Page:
Deputy Attorney General Rod Rosenstein on Wednesday lamented how encryption has made it more difficult for law enforcement officials to do their jobs, calling for a public debate about the use of the technology.
Rosenstein was careful not to come out against encryption — calling it a “valuable tool” essential to the growth of the digital economy — but he raised alarm over messaging applications and smartphones that use encryption and potentially allow criminals a means of evading law enforcement.
“We in law enforcement have no desire to undermine encryption,” Rosenstein said during remarks at the Cambridge Cyber Summit in Boston. He added, however, that “the advent of warrant-proof encryption is a serious problem.”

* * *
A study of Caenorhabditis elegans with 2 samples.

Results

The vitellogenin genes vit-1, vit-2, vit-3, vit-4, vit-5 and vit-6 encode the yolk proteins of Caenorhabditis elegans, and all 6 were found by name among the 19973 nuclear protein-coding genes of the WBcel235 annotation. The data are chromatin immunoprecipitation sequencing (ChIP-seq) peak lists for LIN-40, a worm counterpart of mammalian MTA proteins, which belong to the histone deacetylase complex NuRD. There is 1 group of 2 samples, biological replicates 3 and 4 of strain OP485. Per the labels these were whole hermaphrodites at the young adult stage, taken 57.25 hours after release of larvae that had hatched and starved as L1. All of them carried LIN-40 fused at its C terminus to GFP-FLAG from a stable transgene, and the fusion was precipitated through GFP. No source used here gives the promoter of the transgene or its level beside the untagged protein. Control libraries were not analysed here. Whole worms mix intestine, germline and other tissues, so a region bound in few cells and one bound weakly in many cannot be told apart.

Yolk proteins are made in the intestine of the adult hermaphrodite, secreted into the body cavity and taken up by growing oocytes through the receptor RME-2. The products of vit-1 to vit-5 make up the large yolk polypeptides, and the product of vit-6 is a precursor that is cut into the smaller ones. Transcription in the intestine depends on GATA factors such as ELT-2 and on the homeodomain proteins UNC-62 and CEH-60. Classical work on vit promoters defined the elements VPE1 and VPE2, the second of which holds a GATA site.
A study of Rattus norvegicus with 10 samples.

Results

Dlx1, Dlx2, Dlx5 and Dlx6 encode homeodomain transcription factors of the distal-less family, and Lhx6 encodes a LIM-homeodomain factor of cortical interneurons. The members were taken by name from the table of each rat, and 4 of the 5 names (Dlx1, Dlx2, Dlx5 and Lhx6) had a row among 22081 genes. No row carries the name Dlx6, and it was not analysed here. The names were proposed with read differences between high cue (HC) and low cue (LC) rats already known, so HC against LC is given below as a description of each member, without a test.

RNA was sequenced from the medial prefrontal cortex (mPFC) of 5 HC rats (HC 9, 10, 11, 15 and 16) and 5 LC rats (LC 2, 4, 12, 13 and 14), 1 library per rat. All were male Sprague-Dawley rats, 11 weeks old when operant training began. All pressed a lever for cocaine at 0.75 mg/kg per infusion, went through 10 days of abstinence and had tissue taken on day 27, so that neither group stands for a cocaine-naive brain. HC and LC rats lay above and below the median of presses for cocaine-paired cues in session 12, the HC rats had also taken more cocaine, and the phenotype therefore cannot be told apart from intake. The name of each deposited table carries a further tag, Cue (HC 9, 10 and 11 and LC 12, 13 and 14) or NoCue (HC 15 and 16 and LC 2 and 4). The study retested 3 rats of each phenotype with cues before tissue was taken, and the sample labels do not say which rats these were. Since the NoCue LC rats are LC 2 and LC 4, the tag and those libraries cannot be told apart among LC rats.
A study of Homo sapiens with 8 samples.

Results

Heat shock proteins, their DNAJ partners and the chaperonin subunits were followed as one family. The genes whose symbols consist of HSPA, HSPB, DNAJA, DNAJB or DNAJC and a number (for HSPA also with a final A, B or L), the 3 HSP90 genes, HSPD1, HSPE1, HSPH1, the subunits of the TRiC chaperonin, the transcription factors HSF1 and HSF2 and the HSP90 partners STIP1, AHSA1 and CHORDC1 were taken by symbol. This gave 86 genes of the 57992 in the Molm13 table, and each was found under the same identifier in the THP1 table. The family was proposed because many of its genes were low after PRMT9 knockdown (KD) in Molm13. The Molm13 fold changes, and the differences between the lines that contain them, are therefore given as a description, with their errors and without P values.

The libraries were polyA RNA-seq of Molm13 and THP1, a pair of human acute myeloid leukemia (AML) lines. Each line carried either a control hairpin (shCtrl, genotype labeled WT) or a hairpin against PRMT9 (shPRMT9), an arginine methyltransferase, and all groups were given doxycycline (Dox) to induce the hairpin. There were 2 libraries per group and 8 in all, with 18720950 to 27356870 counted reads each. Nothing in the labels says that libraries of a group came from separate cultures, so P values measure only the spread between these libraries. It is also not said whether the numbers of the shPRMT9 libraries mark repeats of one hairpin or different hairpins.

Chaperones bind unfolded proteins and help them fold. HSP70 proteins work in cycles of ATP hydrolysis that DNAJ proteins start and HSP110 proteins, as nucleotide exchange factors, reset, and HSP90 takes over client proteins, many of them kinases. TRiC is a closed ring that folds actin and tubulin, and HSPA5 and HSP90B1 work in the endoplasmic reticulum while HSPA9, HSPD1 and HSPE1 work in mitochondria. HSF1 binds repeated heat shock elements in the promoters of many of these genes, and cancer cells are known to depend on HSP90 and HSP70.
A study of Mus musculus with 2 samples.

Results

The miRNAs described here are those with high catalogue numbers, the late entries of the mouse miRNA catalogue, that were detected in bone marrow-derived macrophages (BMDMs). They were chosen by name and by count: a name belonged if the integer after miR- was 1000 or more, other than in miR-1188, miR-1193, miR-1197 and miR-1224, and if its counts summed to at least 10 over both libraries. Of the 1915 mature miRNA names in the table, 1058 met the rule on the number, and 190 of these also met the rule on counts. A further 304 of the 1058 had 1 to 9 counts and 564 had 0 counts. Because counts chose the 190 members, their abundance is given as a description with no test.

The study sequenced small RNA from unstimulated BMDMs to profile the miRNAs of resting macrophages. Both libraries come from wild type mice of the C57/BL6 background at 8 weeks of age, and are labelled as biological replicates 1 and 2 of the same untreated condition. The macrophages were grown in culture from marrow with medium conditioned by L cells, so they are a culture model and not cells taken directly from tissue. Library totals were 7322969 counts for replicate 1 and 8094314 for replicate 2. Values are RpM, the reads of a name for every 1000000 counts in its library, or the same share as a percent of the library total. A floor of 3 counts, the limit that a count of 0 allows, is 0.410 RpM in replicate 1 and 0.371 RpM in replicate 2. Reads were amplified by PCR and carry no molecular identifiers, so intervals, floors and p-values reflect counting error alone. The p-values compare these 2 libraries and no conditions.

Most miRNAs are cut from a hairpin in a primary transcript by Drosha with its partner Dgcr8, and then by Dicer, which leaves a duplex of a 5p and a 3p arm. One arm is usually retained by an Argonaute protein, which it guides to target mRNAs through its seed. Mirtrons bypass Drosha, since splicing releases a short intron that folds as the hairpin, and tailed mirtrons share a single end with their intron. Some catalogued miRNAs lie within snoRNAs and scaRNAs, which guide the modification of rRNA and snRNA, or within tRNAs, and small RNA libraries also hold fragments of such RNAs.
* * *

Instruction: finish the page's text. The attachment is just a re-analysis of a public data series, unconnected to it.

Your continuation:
Rosenstein said there needs to be a balance between security and privacy. He indicated the public is unaware of the negative impacts of companies creating “lock boxes” that prevent police access to data.
“Security is not necessarily binary,” Rosenstein said. “We can have managed security that permits fair and effective enforcement of laws.”
The debate over encryption has been a source of tension between law enforcement and companies in the private sector, as well as with privacy advocates. High-profile cases have highlighted the issue, including the fight between the FBI and Apple over unlocking an iPhone used by one of the attackers in the December 2015 San Bernardino, Calif., shooting.
Rosenstein made the remarks during an address on cyber crime at the annual Cambridge Cyber Summit, a one-day event featuring technology leaders and government officials.